Back in March, due to the coronavirus pandemic, concert halls have closed to the public. This included the Philharmonie, and therefore concerts by the Berliner Philharmoniker have been cancelled until further notice. When this happened, the Berliner Philharmoniker decided to perform a concert without a live audience, instead broadcasting it to the world via the Internet. So this was the second time I have heard a performance of the Berliner Philharmoniker, this time playing Luciano Berio's Sinfonia for 8 Voices and Orchestra, as well as Béla Bartók's Concerto for Orchestra Sz 116.
Sir Simon Rattle was the one conducting, and before the concert, he made a statement that the ensemble wanted to send a signal of hope to the world. The program turned out to be very musically appropriate, given the historical context of both pieces.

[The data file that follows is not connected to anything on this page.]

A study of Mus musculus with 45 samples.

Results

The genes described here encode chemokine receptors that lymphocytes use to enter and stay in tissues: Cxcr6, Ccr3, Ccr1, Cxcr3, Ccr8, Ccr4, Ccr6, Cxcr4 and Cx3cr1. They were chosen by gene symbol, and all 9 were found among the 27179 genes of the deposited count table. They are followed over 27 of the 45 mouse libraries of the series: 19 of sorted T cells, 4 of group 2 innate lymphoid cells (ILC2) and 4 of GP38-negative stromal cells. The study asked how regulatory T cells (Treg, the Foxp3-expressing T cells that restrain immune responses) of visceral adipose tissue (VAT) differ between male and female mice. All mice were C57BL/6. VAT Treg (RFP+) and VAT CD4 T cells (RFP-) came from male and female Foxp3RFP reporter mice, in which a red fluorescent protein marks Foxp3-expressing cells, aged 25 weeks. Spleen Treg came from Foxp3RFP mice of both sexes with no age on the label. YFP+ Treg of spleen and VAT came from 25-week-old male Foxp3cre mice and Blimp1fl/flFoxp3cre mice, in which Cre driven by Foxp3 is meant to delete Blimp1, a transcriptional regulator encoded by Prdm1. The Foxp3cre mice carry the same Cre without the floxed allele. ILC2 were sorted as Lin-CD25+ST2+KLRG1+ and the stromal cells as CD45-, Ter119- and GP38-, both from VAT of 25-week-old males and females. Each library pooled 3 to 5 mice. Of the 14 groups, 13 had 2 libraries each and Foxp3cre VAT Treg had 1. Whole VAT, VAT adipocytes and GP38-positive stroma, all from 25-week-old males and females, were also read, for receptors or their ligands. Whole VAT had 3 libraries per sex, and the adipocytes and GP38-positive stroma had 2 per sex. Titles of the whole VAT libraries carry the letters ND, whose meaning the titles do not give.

It was the first time I have heard of Berio's Sinfonia, which I must say, was a very captivating piece. It was composed in 1969, commissioned by the New York Philharmonic. It involved 8 vocalists who were not really singing, but they were vocalising, speaking, whispering, giggling, and doing many other things with their voices in ways that one didn't expect. It was definitely something I enjoyed, and it's a pity I didn't see this live.
The second piece was Bartók's Concerto for Orchestra, another piece which I was unfamiliar with. Unfortunately, I must say it was not the most captivating piece for me. I seem to prefer Bartók's chamber music more than his symphonic music, as this piece sounded just quotidian and ordinary for me. His other works were more radical and avant-garde, keeping me at the edge of my seat. It is perhaps remarkable that this piece is described as one of Bartók's more accessible works, but for me, it seemed to have the opposite effect.
In any case, I enjoyed this concert. It was atypical, and it's perhaps the best we can do given the situation, but given the times, sometimes we need to find alternative ways of cultivating the arts.